Bond ETF Yields: When And Why To Use Each One

by: Matt Tucker, CFA

With multiple bond ETF yield measures to choose from, it can be difficult for investors to quickly assess what their fund is yielding. Matt Tucker reviews the most common yield measures and explains when to use each one, and why.


To be honest, I usually answer by saying “Well, it depends on what you want to measure.” There are many different types of yield out there, and the “right” one will vary based on the situation.

The number of different types of yields for fixed income funds is almost endless. If you research a particular fund, you will often find metrics like current yield, yield to maturity, yield to worst, yield to call, SEC yield, distribution yield, tax equivalent yield and real yield, just to name a few. To help you understand which yield you should be looking at, let’s talk about the most common yield metrics and how they can be used.

Distribution Yield

What it means: This is the annual yield an investor would receive if the most recent fund distribution and current fund price stayed the same going forward. It’s calculated by annualizing the most recent distribution and dividing by the fund’s net asset value (NAV) from the as-of date.

Matt’s take: Distribution yield measures what a fund just paid out to investors, so it’s generally a good indicator of current income. The size of the distribution reflects the yield level that bonds were at when they entered into the fund, because of this the distribution yield is slow to adjust to changes in market yields. However, as fund distributions can vary month to month, it may not give you the best idea of what a fund has been paying out, which is why it’s also good to look at the 12-month yield.

Average Yield to Maturity (YTM)

What it means: This yield measure represents the weighted average YTM of the bonds in the fund as of a date, assuming that the bonds will be held to maturity and that all coupon payments and the final principal payment will be made on schedule. It’s the only yield measure that is gross instead of net of fees (such as the fund’s expense ratio), which means that fees should be deducted when comparing to other yield measures.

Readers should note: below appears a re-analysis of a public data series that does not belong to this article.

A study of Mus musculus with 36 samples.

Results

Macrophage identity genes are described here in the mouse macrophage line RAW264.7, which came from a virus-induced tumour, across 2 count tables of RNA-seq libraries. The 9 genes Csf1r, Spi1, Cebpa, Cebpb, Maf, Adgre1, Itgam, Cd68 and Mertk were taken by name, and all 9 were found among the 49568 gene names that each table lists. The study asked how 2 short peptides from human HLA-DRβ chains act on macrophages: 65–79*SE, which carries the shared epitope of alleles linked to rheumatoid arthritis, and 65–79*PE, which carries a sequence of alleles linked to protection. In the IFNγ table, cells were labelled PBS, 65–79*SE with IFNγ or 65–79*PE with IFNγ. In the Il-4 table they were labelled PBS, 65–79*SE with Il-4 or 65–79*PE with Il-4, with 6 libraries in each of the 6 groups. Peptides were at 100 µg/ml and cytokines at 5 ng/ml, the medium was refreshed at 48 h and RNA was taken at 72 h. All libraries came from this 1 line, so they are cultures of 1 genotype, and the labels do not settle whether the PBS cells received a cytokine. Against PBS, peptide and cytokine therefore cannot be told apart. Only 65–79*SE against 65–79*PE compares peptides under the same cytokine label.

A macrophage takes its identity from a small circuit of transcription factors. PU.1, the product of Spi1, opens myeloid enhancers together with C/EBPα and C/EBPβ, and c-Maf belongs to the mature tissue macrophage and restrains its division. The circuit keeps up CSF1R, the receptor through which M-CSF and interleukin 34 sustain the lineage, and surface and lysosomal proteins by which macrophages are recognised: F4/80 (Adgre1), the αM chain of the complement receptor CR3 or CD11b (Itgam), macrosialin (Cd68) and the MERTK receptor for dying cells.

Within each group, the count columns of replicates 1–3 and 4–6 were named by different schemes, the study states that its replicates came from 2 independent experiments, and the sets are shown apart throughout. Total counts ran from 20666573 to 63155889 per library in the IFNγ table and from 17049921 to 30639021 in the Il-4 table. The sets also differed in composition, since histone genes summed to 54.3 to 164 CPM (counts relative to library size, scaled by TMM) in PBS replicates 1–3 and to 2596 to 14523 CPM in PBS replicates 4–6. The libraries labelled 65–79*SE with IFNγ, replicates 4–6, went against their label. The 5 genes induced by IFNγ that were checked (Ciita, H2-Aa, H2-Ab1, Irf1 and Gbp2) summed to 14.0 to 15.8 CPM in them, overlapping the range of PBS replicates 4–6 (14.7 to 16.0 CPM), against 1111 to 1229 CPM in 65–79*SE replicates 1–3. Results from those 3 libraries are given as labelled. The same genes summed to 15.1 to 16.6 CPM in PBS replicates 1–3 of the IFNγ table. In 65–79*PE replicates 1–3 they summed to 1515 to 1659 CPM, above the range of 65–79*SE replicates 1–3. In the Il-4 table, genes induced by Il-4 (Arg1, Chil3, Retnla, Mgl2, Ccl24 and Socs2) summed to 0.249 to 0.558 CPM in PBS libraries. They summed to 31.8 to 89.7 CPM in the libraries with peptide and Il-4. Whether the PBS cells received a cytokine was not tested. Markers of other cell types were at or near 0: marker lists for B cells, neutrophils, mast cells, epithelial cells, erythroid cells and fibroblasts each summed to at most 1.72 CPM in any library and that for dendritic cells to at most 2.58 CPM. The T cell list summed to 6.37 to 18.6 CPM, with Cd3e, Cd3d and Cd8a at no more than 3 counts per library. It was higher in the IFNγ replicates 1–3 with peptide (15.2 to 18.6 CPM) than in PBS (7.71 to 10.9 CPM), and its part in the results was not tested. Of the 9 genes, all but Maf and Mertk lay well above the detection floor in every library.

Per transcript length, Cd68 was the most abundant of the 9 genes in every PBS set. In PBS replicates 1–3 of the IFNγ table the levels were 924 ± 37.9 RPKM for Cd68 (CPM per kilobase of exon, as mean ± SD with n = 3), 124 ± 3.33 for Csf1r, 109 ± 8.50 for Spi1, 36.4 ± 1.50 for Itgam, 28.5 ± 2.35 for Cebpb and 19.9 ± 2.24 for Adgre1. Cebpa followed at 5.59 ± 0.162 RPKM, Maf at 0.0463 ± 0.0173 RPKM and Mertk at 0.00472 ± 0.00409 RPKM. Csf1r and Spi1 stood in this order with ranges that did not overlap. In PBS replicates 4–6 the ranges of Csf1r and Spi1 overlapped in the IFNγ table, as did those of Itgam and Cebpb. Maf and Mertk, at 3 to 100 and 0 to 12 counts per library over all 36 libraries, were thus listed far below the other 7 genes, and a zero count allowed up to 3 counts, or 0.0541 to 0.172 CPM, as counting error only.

Matt’s take: YTM is a good indicator of what the bonds in the fund are yielding at a current point in time. When bond yields change in the market, the YTM on a fund also changes, and future bonds acquired by a fund will then be acquired at current YTM rates. In this way YTM can be a good indicator of where the fund distribution may be headed (see below).

Yield Car

(for illustrative purposes only)

12-Month Yield

What it means: This yield represents the distributions paid by a fund over the past year. It’s calculated by adding up any income distributions over the past 12 months, then dividing that by the sum of the most recent net asset value (NAV) and any capital gains distributions made over that time.

Matt’s take: Like the distribution yield, 12-month yield is a good indicator of the income being paid out by a fund. And since it looks at the past year of payments, it’s less affected by fluctuations in the monthly fund distribution. 12-month yield is good for understanding a fund’s income history, or what it has paid out in the past.

30-Day SEC Yield

What it means: Based on the most recent 30-day period, this yield reflects the interest earned during the period by the average investor in the fund, after deducting the fund’s expenses for the period. This is a standard calculation developed by the SEC in order to provide fairer comparison among bond funds. Providers may calculate other yields differently, but every fund (except money market funds) must follow the same formula for SEC yield.

Matt’s take: The 30-day SEC yield is the only yield metric for which all fund providers have to use the same calculation. As such, it’s generally considered to be the best metric to use when comparing funds between providers.

So which yield is best? Again, it depends on what you want to do. If I want to get a sense of how much income a fund has paid out historically, I use the distribution or 12-month yield. If I want to get a sense of where a fund’s distributions may trend going forward, I use average YTM (always deducting fund expenses from it). In my experience, I’ve found that the actual distribution paid out by a fund tends to be somewhere in between the past distribution yield and the YTM.

Matt Tucker, CFA, is the iShares Head of Fixed Income Strategy and a regular contributor to The Blog. You can find more of his posts here.